The 5 Stages of Stendhal Syndrome

The 5 Stages of Stendhal Syndrome

Stendhal syndrome is a psychosomatic disorder that causes rapid heartbeat, dizziness, fainting, confusion and even hallucinations when an individual is exposed to an experience of great personal significance, particularly viewing art.

Writer and music aficionado Aine Cronin McCartney takes a look at the five stages of Stendhal Syndrome at Stendhal Festival. Visit https://ainecroninmccartney.com/ for more of her work.

While I had always thought that Stendhal was a good name for a festival, I had never put too much thought into the meaning behind it. So imagine my surprise to find the fact that Stendhal is possibly the most fitting name for this festival ever.
For all those who have been wondering where exactly the name has come from, it has actually been named after a very infamous syndrome. Stendhal syndrome famously documents the psychosomatic disorder that causes rapid heartbeat, dizziness, fainting, confusion and even hallucinations when an individual is exposed to art.
Having experienced a few of these symptoms throughout the festival before, I thought I would document the five stages of Stendhal Syndrome at Stendhal Festival.

1: Getting your ticket:

Nothing is more exhilarating than when you finally purchase that festival ticket you’ve been planning to get for months. Growing excitement over committing to a ticket can cause breathlessness and the sudden urge to buy unnecessary amount of camping gear and clothes. Prepping and planning with your friends for weeks before makes waiting the whole way to August worth it.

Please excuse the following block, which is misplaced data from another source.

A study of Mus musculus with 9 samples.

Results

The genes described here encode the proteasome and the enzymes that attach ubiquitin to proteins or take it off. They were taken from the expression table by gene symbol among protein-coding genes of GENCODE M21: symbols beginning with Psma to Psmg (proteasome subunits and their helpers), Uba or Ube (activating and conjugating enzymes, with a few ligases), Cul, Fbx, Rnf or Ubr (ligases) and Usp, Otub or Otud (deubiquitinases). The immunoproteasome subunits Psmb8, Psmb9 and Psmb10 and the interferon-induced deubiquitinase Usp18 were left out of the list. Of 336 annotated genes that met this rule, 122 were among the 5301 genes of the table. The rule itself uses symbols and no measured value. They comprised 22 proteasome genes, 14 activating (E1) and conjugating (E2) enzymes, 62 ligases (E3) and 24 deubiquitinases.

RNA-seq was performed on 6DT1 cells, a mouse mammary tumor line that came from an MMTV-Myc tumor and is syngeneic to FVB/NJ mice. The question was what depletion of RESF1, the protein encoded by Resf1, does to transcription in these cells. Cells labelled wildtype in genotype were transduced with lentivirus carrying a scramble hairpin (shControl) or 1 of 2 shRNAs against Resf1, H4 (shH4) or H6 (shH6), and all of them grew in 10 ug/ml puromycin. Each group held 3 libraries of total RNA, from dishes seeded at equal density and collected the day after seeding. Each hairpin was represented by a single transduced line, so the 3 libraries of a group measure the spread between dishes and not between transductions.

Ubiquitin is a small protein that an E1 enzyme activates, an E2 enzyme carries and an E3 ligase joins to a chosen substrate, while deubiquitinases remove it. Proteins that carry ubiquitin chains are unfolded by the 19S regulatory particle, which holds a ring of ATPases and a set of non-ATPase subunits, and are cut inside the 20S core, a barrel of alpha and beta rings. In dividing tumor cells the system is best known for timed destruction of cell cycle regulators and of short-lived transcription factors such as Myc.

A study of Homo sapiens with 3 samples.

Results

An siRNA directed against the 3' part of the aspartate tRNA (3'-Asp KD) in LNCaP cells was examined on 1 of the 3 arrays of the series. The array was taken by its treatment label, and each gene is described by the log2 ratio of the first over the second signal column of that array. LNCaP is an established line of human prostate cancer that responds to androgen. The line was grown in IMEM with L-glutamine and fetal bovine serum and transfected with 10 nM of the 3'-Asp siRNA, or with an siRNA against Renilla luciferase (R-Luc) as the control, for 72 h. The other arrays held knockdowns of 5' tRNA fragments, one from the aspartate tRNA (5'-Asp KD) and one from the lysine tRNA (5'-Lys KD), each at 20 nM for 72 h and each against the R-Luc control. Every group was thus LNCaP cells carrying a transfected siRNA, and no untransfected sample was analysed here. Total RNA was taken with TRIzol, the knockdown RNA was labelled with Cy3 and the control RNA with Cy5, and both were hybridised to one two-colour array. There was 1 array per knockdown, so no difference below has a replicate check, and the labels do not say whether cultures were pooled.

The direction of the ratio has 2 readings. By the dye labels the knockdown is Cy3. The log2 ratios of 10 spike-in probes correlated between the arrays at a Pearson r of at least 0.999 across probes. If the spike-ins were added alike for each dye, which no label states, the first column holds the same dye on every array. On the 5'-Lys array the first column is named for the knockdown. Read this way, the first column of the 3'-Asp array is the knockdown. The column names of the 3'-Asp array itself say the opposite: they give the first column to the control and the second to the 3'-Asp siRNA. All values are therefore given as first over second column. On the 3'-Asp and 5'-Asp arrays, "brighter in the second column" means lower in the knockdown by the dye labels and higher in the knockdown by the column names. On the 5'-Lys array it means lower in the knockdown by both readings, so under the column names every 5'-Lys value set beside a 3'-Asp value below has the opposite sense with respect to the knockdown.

2: Hearing the lineup:

Realising you have just bought the best damn festival ticket going after hearing the lineup will cause a rapid heartbeat. You spend the summer anticipating what acts you are going to see by making Spotify playlists with all your fave local acts so you can learn all the words and blasting them at any possible party opportunity. Frantically searching for all your old band tee’s and merch so you can look the part will ensue.

3: Discovering the site:

After months of anticipation you have finally arrived on site. With so much to take in spells of dizziness can be experienced as you try to decide where to start. Stendhal syndrome can also be triggered by beautiful imagery such as discovering the Woolly Woodlands and the Karma Valley stage. Make sure to take your time walking around to discover all the sites hidden gems, every year there is something else to find.

4: Watching the acts:

While usually very composed in a gig/concert situation something strange seems to happen while at Stendhal. As a surge of energy comes over you as you allow the music to take over as you relish in the experience. You may find yourself uncontrollably dancing and unable to stop as you move from stage to stage. With such an amazing array of music and genres it’s hard not to become frenzied when witnessing it all.

5: Embracing the syndrome:

Don’t fight the syndrome embrace it. Weather this is your first experience of a music and arts festival or your tenth make sure you are open to everything that happens. Allow yourself to fully enjoy new experiences and get involved with as many new things as possible. Go see that wacky band, get your face painted, dance in the mud and enjoy everything that Stendhal possibly has to offer!! If you do that you’re in for the best weekend of your life.